The Snake Dragon of Marduk
The Striding Snake Dragon of Marduk at one time decorated the Ishtar Gate, the eighth gate to the inner city of Babylon, which began the procession to the great temple of Marduk. The dragon is decorated in molded glazed bricks, with its scaly body of a dragon, head of a snake, hind feet claws of a large bird of prey, front paws of a lion and the tail of a deadly scorpion.It is interesting that the serpent in the Garden of Eden was apparently standing upright before it became cursed in the fall.
The Vatican Museum, Vatican City, Rome, displays the Snake Dragon of Marduk. It is their oldest piece. Roman Emperor Heliogabalus (218-222) introduced the Akitu-festival in honour of Marduk during his reign in the third Century.
The Hebrew word for serpent is “nachash” and in Isaiah 27:1 the dragon is also referred to as the “nachash”.
Marduk was the chief god of the Babylonians and Nebuchadnezzar is the king during this time period when the Ishtar Gate was standing at the entrance to the great city of Babylon. In the south, Marduk reigned supreme. He is normally referred to as Bel “Lord”, also bel rabim “great lord”, bêl bêlim “lord of lords”, ab-kal ilâni bêl terêti “leader of the gods”, aklu bêl terieti “the wise, lord of oracles”, muballit mîte “reviver of the dead”, etc.
Tiamat was the dragon goddess of salt waters.
She was a turbulent, salf-water ocean dragon that existed at the beginning of time with Apsu. She is said to have been a fierce dragoness in form. The embodiment of the raw energy of the ocean, she was also the personification of the untamed forces of the universe before order was established.
Her battle with Marduk [son of the water god Ea] is part of the Babylonian mythology of creation. Marduk caught Tiamat in a net after he threw a raging storm into her mouth. She failed to swallow him and he tore her entrails apart after piercing her with an arrow. He slaughtered Tiamat’s army of monsters, then split her skull and slashed her body in two. One half of her body became the vault of the heavens and the other, the ocean floor. Her eyes became the sources of the rivers Tigris and Euphrates, which the lives of the Mesopotamians depended on. Her tail was bent up into the sky to form the Milky Way. Marduk went on to kill her son, Kingu, and mixed his blood with earth to create humankind.
Timothy J. Stephany’s version of Old Testament creation stories.
When the two primeval waters, the salt and fresh water, entered into marriage, and brought into being the first of the gods, the Babylonian Creation Epic begins its strange tale with the words “Enuma Elish” meaning “When the Heavens Above…”
A mystic realm of dragons ranging the depths of the primordial sea, when god declared war on god, and the winner emerged as the powerful ruler of all men and matter.
With formidable powers the gods set into motion the universe, and made mankind to perform their work upon the earth, to shape the natural world and raise their glorious temples. The song of Marduk the Champion, the mighty slayer of the creature Tiamat, and a tale of how one man came to survive the Great Flood, brought by the gods to wipe out humankind forever, in two tales which underlie those which achieved such greatness and magnificence in the pages of the Book of Genesis.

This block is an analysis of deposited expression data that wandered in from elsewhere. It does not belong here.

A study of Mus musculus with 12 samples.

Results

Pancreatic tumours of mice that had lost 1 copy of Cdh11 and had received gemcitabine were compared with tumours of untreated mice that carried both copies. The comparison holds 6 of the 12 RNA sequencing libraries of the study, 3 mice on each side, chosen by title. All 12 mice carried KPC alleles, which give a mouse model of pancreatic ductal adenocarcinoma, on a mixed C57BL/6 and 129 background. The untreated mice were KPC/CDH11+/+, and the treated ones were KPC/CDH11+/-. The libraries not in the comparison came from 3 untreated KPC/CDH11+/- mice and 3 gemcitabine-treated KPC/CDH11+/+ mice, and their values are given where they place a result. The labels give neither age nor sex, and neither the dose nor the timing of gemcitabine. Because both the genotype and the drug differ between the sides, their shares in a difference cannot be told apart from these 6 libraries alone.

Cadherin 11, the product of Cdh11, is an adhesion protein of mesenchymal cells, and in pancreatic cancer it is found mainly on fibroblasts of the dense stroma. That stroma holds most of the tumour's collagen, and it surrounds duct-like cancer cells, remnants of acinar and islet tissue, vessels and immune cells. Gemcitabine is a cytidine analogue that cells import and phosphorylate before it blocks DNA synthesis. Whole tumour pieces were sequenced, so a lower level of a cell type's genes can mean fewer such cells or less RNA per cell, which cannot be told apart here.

Sources include: DragonsInn.net; Bible-History.com
Civilization was born eight thousand years ago, between the floodplains of the Tigris and Euphrates rivers, when migrants from the surrounding mountains and deserts began to create increasingly sophisticated urban societies. In the cities that they built, half of human history took place.
In Babylon, Paul Kriwaczek tells the story of Mesopotamia from the earliest settlements seven thousand years ago to the eclipse of Babylon in the sixth century B.C.E. The author chronicles the rise and fall of power during this period and explores the political and social systems, as well as the technical and cultural innovations, which made this land extraordinary. At the heart of this book is the story of Babylon, which rose to prominence under the Amorite king Hammurabi from about 1800 B.C.E. Even as Babylon’s fortunes waxed and waned, it never lost its allure as the ancient world’s greatest city.
With this book Immanuel Velikovsky first presented the revolutionary results of his 10-year-long interdisciplinary research to the public, founded modern catastrophism – based on eyewitness reports by our ancestors – shook the doctrine of uniformity of geology as well as Darwin’s theory of evolution, put our view of the history of our solar system, of the Earth and of humanity on a completely new basis – and caused an uproar that is still going on today.
Worlds in Collision – written in a brilliant, easily understandable and entertaining style and full to the brim with precise information – can be considered one of the most important and most challenging books in the history of science. Not without reason was this book found open on Einstein’s desk after his death.
For all those who have ever wondered about the evolution of the earth, the history of mankind, traditions, religions, mythology or just the world as it is today, Worlds in Collision will keep your attention.